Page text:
Research Project: Cover Crop-Based Weed Management: Defining Plant-Plant and Plant-Soil Mechanisms and Developing New Systems

Location: Sustainable Agricultural Systems Laboratory

Title: Crop biomass not species richness drives weed suppression in warm-season annual grass-legume intercrops in the Northeast

Author
item Bybee-finley, Ann - Cornell University - New York
item Mirsky, Steven
item Ryan, Matt - Cornell University - New York

Submitted to: Weed Science
Publication Type: Peer Reviewed Journal
Publication Acceptance Date: 4/18/2017
Publication Date: 9/1/2017
Citation: Bybee-Finley, A., Mirsky, S.B., Ryan, M. 2017. Crop biomass not species richness drives weed suppression in warm-season annual grass-legume intercrops in the Northeast. Weed Science. 65:669-680.

Interpretive Summary: The use of two or more cover crop species in mixture (intercrops) when cash crops are not present has gained popularity among farmers. Different cover crop species use water and nutrients from different soil depths, have varying growth architectures (i.e. vining vs. upright), and individually provide different benefits to a cropping system. The complementary features of intercropped species may make the intercrop more competitive against weeds than a single monocrop species by more effectively monopolizing resources such as nutrients and light. This potentially enhanced competitiveness against weeds is valued by organic farmers (who have limited weed-control options) and by all farmers concerned about the rise of herbicide resistant weeds. We conducted a two-year experiment across the Northeastern US to examine the effects of functional diversity and species richness on weed suppression. We compared four annual crop species that differed in stature and nitrogen acquisition traits: the upright grasses pearl millet and sorghum-sudangrass, and the N-fixing legumes cowpea (vining) and sunn hemp (upright). Crops were seeded in monoculture and in mixtures using a replacement design where monoculture seeding rates were divided by the number of species in the intercrop. Crop and weed biomass were sampled at ~45 and 90 days after planting. We found some evidence that increasing crop species richness can increase weed suppression: weed biomass in mixtures was 26% and 46% lower than in monocultures at the second sampling date. However, this finding was driven by the fact that legume monocultures had relatively high weed biomass levels, resulting in a negative relationship between weed biomass and species richness. It has long been recognized that legume cover crops are not the best choice for weed suppression, hence the interest in growing legumes with grasses. Legumes provide other agroecosystem benefits including biological nitrogen fixation, increased forage quality, and improved soil health. Our results support current recommendations that farmers who seek the benefits of legume cover crops but also need weed suppression grow a legume in combination with a grass. This study will be of use to Extension and ag-industry personnel who advise farmers on the use of cover crops.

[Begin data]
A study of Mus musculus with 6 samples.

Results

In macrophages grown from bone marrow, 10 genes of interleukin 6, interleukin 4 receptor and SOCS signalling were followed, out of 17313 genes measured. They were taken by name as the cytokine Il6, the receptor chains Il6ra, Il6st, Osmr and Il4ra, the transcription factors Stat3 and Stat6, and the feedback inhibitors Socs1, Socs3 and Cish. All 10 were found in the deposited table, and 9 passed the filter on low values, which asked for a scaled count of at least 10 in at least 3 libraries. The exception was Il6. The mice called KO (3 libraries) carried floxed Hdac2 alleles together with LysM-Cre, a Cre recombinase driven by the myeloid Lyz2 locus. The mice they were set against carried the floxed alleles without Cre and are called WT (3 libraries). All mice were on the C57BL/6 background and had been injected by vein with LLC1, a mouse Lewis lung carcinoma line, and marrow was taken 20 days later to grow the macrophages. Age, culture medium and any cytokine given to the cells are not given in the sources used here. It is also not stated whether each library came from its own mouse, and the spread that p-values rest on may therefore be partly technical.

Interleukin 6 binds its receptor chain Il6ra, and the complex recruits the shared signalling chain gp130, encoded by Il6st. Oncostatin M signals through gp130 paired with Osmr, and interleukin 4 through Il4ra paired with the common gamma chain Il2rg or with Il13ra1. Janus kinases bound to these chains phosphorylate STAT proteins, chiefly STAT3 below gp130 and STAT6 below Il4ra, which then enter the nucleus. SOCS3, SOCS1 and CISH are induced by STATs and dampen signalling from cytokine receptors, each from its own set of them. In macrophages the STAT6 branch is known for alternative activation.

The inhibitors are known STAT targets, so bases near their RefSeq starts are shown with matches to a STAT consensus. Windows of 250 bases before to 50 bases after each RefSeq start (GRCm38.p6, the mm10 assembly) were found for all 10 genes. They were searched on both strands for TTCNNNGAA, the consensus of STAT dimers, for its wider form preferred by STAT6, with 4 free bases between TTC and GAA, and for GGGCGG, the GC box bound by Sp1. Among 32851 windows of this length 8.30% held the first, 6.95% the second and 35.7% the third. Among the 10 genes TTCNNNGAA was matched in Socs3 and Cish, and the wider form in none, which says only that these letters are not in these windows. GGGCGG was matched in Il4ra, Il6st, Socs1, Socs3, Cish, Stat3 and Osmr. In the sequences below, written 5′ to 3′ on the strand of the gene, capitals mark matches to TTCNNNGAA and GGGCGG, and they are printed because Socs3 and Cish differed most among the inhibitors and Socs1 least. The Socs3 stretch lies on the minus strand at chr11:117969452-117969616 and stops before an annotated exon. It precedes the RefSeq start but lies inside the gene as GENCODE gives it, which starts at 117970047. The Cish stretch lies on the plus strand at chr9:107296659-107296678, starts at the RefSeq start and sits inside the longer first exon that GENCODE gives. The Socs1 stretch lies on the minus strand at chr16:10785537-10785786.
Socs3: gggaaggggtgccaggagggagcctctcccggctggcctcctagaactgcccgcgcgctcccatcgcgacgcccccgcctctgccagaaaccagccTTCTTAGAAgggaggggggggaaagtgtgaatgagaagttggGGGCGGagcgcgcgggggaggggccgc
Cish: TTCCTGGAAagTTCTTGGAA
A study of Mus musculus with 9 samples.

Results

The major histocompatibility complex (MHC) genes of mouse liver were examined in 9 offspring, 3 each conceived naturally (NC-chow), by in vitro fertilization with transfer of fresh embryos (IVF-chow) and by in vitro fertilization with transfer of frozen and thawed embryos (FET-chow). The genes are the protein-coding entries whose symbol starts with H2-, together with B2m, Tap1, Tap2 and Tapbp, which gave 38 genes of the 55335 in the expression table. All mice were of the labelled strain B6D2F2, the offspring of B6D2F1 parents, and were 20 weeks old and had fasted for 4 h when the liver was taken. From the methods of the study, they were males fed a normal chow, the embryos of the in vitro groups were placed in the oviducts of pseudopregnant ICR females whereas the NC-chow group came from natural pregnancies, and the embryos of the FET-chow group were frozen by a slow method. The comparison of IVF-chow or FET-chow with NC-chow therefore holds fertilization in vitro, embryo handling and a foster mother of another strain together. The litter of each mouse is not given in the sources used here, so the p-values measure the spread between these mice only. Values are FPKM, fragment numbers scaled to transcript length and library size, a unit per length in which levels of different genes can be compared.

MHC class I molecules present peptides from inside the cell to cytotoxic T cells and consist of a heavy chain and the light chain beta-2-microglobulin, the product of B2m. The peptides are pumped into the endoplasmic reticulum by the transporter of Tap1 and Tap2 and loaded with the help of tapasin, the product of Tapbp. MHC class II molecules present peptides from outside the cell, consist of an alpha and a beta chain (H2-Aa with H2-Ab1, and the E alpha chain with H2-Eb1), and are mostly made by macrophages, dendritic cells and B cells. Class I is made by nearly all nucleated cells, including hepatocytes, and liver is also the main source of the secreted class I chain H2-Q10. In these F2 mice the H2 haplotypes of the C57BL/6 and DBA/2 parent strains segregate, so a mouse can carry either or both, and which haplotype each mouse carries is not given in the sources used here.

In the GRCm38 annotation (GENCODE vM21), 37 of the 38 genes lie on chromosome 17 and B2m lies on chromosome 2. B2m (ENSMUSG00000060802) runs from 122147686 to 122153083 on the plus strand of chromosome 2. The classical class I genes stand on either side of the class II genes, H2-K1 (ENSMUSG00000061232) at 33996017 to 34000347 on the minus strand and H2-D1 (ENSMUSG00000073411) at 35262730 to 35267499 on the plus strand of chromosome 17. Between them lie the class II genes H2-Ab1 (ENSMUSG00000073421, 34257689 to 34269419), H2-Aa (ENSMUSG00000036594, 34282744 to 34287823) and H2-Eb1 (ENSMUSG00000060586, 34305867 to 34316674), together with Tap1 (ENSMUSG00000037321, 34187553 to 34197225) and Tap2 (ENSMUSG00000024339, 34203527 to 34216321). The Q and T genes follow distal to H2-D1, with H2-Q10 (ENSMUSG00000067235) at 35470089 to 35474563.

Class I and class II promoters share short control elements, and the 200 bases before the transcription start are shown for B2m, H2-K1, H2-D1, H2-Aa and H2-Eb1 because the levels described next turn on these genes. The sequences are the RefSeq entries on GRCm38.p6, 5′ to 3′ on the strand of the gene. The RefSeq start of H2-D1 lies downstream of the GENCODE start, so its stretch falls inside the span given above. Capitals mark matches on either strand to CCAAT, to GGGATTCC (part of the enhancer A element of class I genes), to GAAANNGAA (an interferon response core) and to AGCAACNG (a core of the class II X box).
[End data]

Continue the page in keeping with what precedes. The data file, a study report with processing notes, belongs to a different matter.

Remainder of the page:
Technical Abstract: Intercropping with functionally diverse crops can reduce the availability of resources that could otherwise be used by weeds. An experiment was conducted six times across the northeastern United States in 2013 and 2014 to examine the effects of functional diversity and species richness on weed suppression. We compared four annual crop species that differed in stature and nitrogen acquisition traits: (i) pearl millet [Pennisetum glaucum (L.) R. Br.], (ii) sorghum sudangrass [Sorghum bicolor (L.) Moench × S. sudanense (Piper) Stapf], (iii) cowpea [Vigna unguiculata (L.) Walp], and (iv) sunn hemp (Crotalaria juncea L.). Crops were seeded in monoculture and in three- and four-species mixtures using a replacement design where monoculture seeding rates were divided by the number of species in the intercrop. Crop and weed biomass were sampled at ~45 and 90 d after planting. In general, crop biomass production of the legume monocultures was lower than the grass monocultures and intercrops at both sampling dates. Intercrops tended to perform similarly to grass monocultures at the second sampling date. Across the six site-years, weed biomass ranged from 60 and 280 kg ha-1 (in the 2013 Aurora, NY site-year) to 1,050 and 2,110 kg ha-1 (in the 2014 Willsboro, NY site-year) in the first and second sampling, respectively. Intercrop treatments generally produced greater crop biomass and lower weed biomass than the monoculture treatments. When averaged across treatment categories (i.e. monocultures, three species mixtures, and the four species mixtures), weed biomass was 26% and 46% lower at the second sampling date for three and four species mixtures respectively, compared to average weed biomass in the monocultures, which suggests that increasing crop species richness can increase weed suppression. However, when examined at the functional group level, grass monocultures had relatively low weed biomass levels and thus there was no clear relationship between crop species richness and weed biomass. On the other hand, legume monocultures had relatively high weed biomass levels, which resulted in a negative relationship between weed biomass and crop species richness. Despite the weak weed suppression from the two legume crops tested in this research, legumes provide other agroecosystem benefits including biological nitrogen fixation, increased forage quality, and improved soil health.